Terry Bowden still hasn’t lost as Auburn’s coach. Bill Curry still hasn’t figured out how to beat the Tigers.
Ninth-ranked Auburn made a successful return to national television, extending the nation’s longest Division I-A winning streak to 16 games with a 41-14 rout of struggling Kentucky on Thursday night.
All of the victories have come under Bowden, who has yet to lose as a major-college coach. This one may have taken on more importance because it came with the rest of the country watching and the Tigers hoping to make a big impression for the poll voters.
Auburn (5-0, 3-0 in the Southeastern Conference) was barred from TV last year by NCAA probation, but the blackout was lifted this season. Two of the Tigers’ first four games were shown regionally, but Thursday’s telecast was their first national exposure since 1992--the last time they lost.
“I don’t think the game was all that impressive in the second half,” said Bowden, asked what kind of impact the Tigers made on the rest of the country. “We played a lot of people. Whether it was impressive or not, I don’t know.”
Curry, meanwhile, has the Kentucky program headed in the opposite direction. The Wildcats (1-4, 0-3) lost their fourth in a row and Curry’s record against Auburn, as a coach with Georgia Tech, Alabama and Kentucky, fell to 0-11.
“We’re a very frustrated team,” said Curry, whose team is heading toward its fifth consecutive season without a winning record under his guidance.
Bowden’s father, Florida State Coach Bobby Bowden, also was at the game, but his advice wasn’t needed. Auburn, in fact, barely needed need to bring its offense.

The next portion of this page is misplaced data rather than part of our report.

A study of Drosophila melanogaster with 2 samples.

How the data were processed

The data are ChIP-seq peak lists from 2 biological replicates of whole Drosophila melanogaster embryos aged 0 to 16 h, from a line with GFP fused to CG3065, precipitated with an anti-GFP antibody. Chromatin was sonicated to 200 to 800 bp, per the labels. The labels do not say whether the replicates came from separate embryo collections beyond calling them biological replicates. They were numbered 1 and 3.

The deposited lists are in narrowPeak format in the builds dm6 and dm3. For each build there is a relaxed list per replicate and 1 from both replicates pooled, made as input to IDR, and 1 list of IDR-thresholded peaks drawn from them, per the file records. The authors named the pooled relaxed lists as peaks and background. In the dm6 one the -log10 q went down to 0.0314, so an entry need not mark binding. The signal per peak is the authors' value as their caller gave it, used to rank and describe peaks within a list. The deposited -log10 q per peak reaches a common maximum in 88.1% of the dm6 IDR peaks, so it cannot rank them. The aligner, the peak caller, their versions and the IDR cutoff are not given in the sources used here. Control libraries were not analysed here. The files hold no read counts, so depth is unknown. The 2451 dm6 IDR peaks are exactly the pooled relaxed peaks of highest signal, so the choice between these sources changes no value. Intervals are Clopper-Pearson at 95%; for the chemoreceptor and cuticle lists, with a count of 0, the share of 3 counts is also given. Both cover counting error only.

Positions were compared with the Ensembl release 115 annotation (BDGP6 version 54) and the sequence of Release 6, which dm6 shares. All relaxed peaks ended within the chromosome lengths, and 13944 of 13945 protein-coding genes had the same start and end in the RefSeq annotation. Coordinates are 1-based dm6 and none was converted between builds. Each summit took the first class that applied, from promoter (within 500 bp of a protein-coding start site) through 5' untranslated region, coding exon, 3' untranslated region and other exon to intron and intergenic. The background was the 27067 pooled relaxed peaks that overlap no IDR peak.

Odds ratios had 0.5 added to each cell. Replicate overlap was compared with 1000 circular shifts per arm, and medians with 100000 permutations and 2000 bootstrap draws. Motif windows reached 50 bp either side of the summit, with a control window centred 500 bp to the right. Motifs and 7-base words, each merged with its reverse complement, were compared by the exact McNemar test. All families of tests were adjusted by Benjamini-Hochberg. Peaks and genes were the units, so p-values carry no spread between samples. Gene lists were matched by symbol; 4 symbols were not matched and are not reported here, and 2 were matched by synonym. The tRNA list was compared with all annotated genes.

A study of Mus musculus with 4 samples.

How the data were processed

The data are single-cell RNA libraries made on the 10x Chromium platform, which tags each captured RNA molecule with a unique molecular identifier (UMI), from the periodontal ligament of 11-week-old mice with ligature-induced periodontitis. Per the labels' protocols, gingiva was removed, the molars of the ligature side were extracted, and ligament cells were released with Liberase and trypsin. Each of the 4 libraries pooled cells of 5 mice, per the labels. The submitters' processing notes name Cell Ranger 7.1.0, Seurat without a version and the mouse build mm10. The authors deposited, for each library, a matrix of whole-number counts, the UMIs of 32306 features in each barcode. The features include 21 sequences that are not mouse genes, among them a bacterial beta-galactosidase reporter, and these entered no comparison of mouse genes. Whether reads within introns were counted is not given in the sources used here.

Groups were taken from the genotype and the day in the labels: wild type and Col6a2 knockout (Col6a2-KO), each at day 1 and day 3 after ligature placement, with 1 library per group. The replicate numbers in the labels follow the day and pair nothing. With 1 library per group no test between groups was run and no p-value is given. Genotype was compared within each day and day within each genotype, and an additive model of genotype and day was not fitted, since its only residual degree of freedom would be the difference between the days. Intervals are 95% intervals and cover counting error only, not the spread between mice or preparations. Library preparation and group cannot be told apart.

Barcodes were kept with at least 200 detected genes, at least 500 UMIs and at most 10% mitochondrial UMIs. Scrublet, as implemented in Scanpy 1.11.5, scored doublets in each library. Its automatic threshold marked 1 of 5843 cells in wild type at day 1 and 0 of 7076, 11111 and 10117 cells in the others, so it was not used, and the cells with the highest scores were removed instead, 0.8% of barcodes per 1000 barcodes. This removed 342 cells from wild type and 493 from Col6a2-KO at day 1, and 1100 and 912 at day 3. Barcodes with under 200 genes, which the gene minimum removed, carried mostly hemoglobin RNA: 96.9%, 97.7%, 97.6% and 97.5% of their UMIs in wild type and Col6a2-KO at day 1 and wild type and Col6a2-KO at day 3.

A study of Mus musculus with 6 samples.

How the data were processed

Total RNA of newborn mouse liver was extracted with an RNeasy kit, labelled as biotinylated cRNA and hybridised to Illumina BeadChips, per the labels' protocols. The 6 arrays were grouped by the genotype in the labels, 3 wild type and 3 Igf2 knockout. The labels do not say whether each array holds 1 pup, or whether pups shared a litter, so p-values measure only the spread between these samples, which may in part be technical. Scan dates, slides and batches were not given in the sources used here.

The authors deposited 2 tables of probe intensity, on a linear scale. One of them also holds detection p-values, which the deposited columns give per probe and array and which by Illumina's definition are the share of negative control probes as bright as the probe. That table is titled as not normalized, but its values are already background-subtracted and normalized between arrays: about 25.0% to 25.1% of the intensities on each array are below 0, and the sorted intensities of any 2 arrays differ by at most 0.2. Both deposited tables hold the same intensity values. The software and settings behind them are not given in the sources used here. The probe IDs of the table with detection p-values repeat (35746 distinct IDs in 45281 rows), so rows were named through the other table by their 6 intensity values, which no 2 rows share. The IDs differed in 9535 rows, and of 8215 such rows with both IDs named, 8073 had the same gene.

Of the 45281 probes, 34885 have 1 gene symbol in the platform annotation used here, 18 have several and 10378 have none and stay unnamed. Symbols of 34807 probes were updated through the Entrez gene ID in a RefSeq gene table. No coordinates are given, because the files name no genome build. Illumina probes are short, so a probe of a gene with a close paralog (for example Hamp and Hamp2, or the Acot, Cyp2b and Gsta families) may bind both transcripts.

Ken Alvis returned an interception 37 yards for a touchdown, his second score of the season and fourth for the Auburn secondary, and Mike Pelton fell on two Kentucky fumbles, one in the end zone for a touchdown, the other at the Wildcat two to set up a touchdown.
“If our defense would just give us the ball, we might score a little bit,” quarterback Patrick Nix joked. “But I’m not complaining. I hope they keep doing it the rest of the year.”
Auburn attempted two passes on its first series and failed to gain a first down, then seemed to remember that Kentucky was surrendering an average of 321 yards per game on the ground.
The Tigers ran nine straight times on their next possession, with Stephen Davis gaining 53 yards in five carries and Joe Frazier getting 27 in three before Patrick Nix scored on a one-yard quarterback sneak.
“It was a game where we took control early and never let go,” Bowden said. “By halftime, the way we were running the football and playing defense, I felt like we had the game under control.”